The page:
Province of Avellino
Aquilonia rises on a plateau at the meeting point of the three regions of Campania, Basilicata and Apulia, and changed its name several times during its history. In the Middle Ages, it was called Carbonara, probably due to the presence in its territory of stones containing petroleum, which burned with live flame like coals. It took the name of Aquilonia after the Unification of Italy, in 1861.

Provinces of Campania

Info

  • Altitude: 750 m a.s.l
  • Territory: mountainous
  • Population: about 1600 inhabitants in 2017
  • Zip/postal code: 83034
  • Phone Area Code: 0825
  • Patron Saint: St. Vito, celebrated on 9 May
  • How to reach it: Autostrada Napoli - Bari, exit Lacedonia
  • Frazioni & Localities: Masseria San Pietro, Pagliarone.

What to see

  • The Museo Etnografico, with thousands of original objects reconstructing life of past times.
  • Forests of Monte Arcangelo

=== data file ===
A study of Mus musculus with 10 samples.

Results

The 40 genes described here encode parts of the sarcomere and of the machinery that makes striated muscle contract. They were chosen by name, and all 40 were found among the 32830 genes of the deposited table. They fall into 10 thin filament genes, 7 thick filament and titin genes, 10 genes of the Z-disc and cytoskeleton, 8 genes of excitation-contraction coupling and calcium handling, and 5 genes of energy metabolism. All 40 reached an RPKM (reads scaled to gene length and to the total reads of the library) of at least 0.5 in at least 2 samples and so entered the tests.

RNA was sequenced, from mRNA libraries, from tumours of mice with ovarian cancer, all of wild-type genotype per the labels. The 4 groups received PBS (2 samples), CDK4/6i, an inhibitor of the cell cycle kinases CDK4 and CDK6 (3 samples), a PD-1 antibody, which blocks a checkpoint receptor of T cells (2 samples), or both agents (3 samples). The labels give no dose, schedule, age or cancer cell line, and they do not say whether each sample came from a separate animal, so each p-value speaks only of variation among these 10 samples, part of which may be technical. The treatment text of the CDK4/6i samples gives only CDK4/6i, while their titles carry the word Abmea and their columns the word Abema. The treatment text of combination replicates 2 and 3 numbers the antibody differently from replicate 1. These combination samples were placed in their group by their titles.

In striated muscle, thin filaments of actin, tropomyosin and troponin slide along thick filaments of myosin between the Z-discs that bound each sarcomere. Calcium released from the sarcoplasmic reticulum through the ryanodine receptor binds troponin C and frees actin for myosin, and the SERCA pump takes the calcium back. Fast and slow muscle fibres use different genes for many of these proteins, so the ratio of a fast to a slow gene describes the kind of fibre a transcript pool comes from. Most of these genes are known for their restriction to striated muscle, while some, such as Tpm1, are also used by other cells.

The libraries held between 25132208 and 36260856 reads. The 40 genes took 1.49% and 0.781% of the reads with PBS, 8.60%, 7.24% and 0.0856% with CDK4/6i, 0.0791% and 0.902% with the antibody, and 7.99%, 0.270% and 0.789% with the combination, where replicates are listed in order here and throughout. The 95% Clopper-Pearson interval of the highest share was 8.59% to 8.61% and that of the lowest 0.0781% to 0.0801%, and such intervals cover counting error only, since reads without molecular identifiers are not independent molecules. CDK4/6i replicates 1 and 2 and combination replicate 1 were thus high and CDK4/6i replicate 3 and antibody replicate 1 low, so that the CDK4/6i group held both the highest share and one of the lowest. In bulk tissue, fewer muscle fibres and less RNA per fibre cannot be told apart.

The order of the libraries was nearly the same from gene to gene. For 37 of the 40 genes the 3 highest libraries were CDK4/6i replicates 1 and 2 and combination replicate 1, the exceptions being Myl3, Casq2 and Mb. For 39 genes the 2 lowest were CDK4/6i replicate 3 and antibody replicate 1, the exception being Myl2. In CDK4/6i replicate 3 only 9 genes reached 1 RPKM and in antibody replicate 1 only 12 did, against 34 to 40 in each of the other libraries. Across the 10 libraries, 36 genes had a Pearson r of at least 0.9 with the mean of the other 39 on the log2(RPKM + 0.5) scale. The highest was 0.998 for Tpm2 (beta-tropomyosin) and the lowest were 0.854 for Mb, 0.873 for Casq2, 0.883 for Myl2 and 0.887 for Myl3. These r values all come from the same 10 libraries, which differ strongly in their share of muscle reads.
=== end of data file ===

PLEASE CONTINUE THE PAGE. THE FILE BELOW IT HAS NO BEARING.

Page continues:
• In Pietra Palomba ruins of the Castle and the Roman bridge of Pietra dell'Olio
  • The 12th-century Abbey of San Vito.

History

The territory, as shown by archeological excavations, was inhabited by the Samnites, defeated by the Romans in a battle near Aquilonia in 293 BC. Under the Lombards the population lived in a number of "casali" to join finally in one center, called Carbonara (Carunar in the local dialect) since the main occupation of the inhabitants was that of charcoal makers. After the unity of Italy the name was changed again to the ancient Aquilonia.

On the night of 23 July 1930 the ruinous Vulture earthquake almost completely destroyed the town, with a heavy toll of 231 dead and over one thousand wounded. The old town was abandoned, and with funds from the government a new town was built in a higher position, in an area called Contrada Malepasso: in just 90 days almost one hundred small houses were built. Nowadays on the spot where Aquilonia rose before the earthquake a restoration has been started so as to make a Parco Archeologico in the area. The project will also be based on old photographs of the town, and on donations by private families of what they could salvage after the destruction.